There are many businesses in Australia that have not been paying their staff's superannuation guarantee (SG) entitlements. A one-off amnesty to make good on their compliance has now been passed in Parliament on 25 February 2020.

This amnesty will apply from 24 May 2018 to 6 months after the Bill receives royal assent.

There is a rather generous disclosure period that applies to this amnesty being the quarter starting 1 July 1992 to the quarter ending 31 March 2018. 

The main qualification for the amnesty to apply for the employer is that the ATO must not have previously declared an investigation into the financial quarter in question. 

The passed legislation also has strict penalty provisions which the ATO must charge if an employer fails to declare a SG shortfall post-amnesty period. This can be "a minimum 100 per cent penalty on top of the SG shortfall they owe, and up to 200 per cent for the most serious cases." which has been stated by Assistant Minister Jane Hume.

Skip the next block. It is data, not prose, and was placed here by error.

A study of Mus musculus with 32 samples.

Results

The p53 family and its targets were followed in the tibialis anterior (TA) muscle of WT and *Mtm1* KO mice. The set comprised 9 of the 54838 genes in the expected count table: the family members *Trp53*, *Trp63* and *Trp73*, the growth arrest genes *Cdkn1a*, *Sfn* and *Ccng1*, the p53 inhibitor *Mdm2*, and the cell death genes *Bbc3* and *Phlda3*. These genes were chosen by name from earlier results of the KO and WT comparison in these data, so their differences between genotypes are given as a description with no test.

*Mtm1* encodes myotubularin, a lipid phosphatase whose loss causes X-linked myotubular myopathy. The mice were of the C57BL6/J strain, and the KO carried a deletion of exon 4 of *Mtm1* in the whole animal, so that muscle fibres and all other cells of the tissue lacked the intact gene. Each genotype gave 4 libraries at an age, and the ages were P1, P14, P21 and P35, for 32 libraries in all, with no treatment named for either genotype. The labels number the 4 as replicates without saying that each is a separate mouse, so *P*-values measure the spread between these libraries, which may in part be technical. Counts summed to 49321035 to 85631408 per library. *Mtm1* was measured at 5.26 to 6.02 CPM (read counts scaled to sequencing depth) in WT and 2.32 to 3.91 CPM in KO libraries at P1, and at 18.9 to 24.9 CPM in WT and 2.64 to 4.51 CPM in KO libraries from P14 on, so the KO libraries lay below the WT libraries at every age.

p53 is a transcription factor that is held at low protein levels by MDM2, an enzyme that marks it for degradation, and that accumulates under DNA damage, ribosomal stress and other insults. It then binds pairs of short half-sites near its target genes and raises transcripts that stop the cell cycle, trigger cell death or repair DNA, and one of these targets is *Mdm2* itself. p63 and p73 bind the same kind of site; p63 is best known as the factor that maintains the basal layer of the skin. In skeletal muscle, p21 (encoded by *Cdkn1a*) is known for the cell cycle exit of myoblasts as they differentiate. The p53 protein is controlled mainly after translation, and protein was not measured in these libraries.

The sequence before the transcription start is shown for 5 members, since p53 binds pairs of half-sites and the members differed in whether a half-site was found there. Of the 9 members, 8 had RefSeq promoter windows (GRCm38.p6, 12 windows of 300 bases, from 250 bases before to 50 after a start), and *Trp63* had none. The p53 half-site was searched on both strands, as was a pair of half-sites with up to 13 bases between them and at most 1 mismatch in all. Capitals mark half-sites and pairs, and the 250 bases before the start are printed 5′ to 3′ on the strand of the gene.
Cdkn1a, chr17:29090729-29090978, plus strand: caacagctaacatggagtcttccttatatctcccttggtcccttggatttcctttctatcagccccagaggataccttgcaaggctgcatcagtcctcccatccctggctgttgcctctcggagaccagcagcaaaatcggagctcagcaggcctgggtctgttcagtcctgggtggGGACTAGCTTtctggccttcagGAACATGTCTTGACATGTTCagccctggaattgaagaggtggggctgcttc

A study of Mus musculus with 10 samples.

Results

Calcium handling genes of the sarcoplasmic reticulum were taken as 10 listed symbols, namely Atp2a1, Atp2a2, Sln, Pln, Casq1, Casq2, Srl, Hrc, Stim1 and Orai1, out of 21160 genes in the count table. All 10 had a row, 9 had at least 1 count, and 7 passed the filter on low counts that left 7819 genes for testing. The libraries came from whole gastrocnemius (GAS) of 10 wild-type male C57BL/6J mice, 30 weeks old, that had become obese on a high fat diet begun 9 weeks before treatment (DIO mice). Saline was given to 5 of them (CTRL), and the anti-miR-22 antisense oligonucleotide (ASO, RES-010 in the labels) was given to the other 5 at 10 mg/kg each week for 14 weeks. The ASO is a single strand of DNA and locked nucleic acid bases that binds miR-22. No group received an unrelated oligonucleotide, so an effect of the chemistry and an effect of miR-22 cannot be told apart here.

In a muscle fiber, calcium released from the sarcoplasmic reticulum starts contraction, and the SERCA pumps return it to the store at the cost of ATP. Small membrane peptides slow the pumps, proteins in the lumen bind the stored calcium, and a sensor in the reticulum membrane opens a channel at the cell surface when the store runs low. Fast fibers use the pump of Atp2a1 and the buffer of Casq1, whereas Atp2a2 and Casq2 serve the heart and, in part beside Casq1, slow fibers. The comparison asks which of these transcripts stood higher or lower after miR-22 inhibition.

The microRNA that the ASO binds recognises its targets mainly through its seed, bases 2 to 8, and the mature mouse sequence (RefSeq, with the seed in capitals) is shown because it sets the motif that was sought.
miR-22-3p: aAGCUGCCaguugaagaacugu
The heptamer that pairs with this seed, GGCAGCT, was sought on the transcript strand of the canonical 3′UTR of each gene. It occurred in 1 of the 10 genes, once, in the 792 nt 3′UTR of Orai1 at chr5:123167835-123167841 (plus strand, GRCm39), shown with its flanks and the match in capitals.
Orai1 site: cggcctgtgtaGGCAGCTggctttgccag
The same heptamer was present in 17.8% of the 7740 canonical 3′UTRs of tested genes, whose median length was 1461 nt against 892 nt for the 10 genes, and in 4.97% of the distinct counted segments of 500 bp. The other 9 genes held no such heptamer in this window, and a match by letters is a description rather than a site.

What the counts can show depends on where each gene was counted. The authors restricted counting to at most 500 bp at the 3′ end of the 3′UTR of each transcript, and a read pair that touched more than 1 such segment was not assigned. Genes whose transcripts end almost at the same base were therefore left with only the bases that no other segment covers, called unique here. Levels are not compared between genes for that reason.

Interest will still be payable by the employer for the superannuation this amnesty covers, but the additional penalties the ATO would normally charge will not be imposed.

For employers who have not paid SG from 1 April 2018 will be subject to the normal penalties, interest and non-deductibility rules. This does not mean it should not be paid - quite the contrary in fact as those funds belong to the employees and is effectively wage-theft if left unpaid.

Treasury Laws Amendment (Recovering Unpaid Superannuation) Bill 2019 - click here for the Explanatory Memorandum of the Bill

This information is general in nature and does not constitute financial or other professional advice.